If you know me well, you will know how much I love tea. Earl grey is my favourite, but any kind of tea from jasmine green tea to chamomile are near to my heart. There is something about the ritual of making tea that is calming and research has also shown that many different kinds of tea have an effect on our emotions and stress.
When I’m very anxious, I will pull out my Nana’s tea cosy and make a big pot of tea. It makes me feel closer to her and the simple but happy way she lived her life in her small town in the Welsh valleys.
Physically, drinking tea (hot or cold) is a great way to hydrate your body and has many physical benefits such as lower blood pressure and better circulation. I love the physical and emotional benefits of tea, but what really excites me are the beauty benefits including clearer skin and less wrinkles! Here are some of my favourite “beauty teas”:
Green tea is rich in antioxidants, which may help prevent UV-induced skin damage both topically and internally. The review article noted below (Prasanth et al.) covers many of the research articles about photoaging (the damage to skin that occurs from the sun) and the preventative and healing benefits of green tea. I always pack green tea when I travel! And I try to have at least one cup of jasmine green tea each day. One final benefit for beauty: green tea can also prevent tooth decay due to its fluoride!
Nettle (also known as stinging nettle) is a plant that grows wild and has been traditionally used for reducing inflammation, reducing allergies, and because it is a rich source of vitamins and minerals (especially iron). While touching a stinging nettle is BAD for the skin, drinking nettle tea can give you clearer skin. Herbalists have used nettle to reduce inflammatory skin diseases like acne and eczema. Nettle is also known anecdotally to cleanse and build the blood (think rosy cheeks from the iron!).
Chamomile has a beautiful floral aroma but it is also classified as a mildly bitter herb. We don’t tend to have a lot of bitter tastes in our diet but they are so important for stimulating digestion and helping our bodies absorb more nutrients from food (Jirsa 20). Chamomile is also great for soothing an upset tummy and creating a lovely night sleep. Sleep is so important for our skin health, creating a healthy glow and slimes hydrated skin. According to Dr. Michael Breus (sleep expert), “sleep deprivation lowers circulation, which is why you lose facial colour and look pale and washed out from poor sleep.” (143). Chamomile tea has been proven to enhance sleep, being comparable to a hypnotic drug (Watson and Preedy 247). Chamomile tea works for me but avoid it if you have an allergy to ragweed as they are in the same family!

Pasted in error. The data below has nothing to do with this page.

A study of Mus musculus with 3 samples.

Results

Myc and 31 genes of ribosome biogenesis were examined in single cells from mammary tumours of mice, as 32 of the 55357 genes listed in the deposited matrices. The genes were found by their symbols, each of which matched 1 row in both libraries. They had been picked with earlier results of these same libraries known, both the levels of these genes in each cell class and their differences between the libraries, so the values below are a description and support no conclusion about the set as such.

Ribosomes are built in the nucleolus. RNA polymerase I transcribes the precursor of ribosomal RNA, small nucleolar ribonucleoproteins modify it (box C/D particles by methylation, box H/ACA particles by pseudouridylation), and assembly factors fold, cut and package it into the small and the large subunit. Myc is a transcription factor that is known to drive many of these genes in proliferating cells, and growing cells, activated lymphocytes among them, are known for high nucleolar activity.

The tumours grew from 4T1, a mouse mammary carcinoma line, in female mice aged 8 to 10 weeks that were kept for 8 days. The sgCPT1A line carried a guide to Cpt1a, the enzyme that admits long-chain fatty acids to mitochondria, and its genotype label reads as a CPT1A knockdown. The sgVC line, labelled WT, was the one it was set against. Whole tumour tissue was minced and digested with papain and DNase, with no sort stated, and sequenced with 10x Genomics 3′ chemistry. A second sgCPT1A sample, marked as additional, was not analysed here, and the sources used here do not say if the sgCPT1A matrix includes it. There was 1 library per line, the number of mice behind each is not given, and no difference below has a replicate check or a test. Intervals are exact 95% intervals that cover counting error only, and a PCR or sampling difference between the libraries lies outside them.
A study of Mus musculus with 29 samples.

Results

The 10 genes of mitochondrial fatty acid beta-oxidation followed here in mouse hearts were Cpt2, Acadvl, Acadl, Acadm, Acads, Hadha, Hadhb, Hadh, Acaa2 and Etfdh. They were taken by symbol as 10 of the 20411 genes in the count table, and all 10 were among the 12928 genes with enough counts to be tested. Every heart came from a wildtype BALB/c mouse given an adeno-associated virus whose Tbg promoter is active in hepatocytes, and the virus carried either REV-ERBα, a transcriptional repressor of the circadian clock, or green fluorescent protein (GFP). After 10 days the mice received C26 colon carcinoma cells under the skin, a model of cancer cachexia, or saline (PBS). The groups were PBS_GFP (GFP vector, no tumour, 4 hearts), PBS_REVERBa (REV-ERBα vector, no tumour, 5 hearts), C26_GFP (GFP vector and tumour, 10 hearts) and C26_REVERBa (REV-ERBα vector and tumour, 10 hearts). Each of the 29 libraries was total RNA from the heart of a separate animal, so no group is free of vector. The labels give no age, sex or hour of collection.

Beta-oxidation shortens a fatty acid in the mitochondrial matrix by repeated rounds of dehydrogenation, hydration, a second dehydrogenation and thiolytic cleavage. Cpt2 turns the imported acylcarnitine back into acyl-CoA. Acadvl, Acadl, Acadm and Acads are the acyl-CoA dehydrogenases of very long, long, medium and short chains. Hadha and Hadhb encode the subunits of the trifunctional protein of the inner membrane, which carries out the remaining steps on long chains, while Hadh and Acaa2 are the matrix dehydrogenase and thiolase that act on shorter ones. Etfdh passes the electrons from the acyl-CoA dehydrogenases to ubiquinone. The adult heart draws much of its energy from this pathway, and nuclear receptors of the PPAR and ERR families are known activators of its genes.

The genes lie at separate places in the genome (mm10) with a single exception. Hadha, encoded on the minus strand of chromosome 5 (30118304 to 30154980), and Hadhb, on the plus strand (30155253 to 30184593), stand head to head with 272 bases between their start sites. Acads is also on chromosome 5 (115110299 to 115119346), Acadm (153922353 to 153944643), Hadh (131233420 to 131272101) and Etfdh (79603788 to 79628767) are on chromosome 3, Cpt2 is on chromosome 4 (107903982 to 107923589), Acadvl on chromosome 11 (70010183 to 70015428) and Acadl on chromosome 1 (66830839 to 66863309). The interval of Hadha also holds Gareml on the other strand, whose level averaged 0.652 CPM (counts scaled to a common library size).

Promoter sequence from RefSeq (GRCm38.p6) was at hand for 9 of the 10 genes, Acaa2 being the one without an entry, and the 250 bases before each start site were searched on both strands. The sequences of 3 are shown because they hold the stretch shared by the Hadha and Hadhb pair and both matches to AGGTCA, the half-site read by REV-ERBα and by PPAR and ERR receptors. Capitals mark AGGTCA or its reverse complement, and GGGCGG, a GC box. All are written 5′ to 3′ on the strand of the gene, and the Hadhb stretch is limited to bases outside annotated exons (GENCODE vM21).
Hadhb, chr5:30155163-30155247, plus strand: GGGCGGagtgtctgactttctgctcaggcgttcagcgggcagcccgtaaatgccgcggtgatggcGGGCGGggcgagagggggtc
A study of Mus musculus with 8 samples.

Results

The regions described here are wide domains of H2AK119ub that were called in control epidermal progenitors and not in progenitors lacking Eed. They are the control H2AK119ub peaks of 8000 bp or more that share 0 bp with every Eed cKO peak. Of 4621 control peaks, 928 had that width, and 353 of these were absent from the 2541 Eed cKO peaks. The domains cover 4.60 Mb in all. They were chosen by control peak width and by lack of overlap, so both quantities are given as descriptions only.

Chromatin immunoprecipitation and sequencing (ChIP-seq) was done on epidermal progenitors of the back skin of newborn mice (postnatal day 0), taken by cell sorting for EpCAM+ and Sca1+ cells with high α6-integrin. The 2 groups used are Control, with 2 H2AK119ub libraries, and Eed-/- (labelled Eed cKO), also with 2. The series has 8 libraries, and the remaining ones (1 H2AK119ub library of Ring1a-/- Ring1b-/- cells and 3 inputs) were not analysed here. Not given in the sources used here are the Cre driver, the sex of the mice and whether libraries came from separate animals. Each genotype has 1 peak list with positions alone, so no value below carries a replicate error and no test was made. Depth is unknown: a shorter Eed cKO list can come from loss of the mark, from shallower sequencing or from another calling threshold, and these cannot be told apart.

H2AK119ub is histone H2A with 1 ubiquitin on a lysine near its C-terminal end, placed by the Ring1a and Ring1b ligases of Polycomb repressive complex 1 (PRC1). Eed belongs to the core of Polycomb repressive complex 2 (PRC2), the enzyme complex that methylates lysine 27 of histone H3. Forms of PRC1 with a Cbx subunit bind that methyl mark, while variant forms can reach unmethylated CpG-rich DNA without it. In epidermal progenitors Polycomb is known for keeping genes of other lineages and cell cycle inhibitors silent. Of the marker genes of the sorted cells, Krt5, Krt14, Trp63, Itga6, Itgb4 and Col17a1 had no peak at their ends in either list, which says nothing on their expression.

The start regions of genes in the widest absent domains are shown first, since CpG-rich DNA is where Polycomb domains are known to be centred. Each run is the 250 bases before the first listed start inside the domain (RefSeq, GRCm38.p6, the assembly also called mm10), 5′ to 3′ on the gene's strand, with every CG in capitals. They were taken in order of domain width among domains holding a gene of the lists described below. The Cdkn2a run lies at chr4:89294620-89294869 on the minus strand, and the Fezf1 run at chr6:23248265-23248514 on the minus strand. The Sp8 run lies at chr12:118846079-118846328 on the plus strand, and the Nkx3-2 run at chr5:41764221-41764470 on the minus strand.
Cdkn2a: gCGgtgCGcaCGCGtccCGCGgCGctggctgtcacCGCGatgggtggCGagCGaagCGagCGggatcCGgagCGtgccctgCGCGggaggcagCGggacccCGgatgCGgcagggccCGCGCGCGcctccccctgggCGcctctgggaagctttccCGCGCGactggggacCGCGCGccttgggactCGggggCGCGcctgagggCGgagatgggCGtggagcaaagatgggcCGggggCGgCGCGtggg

One of my favourite bedtime teas is David’s Tea’s Earl Grey Rooibos because rooibos has no caffeine so it’s the perfect before bed cup of tea. Rooibos is technically not tea, being made from the leaves of a shrub that grows mainly in South Africa. One of the most interesting research studies I’ve encountered about tea and skin is about this tea, which surged in popularity after Alexander McCall Smith’s book series The No.1 Ladies’ Detective Agency. Rooibos has antioxidant qualities similar to green and black teas but, even more exciting, research from Nelson Mandela Metropolitan University found that the properties in this tea may help preserve healthy fat under the skin. In other words, this tea can keep skin looking plump and healthy!
Prasanth, Mani Iyer et al. “A Review of the Role of Green Tea (Camellia sinensis) in Antiphotoaging, Stress Resistance, Neuroprotection, and Autophagy.” Nutrientsvol. 11,2 474. 23 Feb. 2019, doi:10.3390/nu11020474
Watson, Ronald R., and Victor R. Preedy. Neurological Modulation of Sleep : Mechanisms and Function of Sleep. Ed. Ronald R. (Ronald Ross) Watson and Victor R. Preedy. London, United Kingdom ;: Academic Press, an imprint of Elsevier, 2020. Print.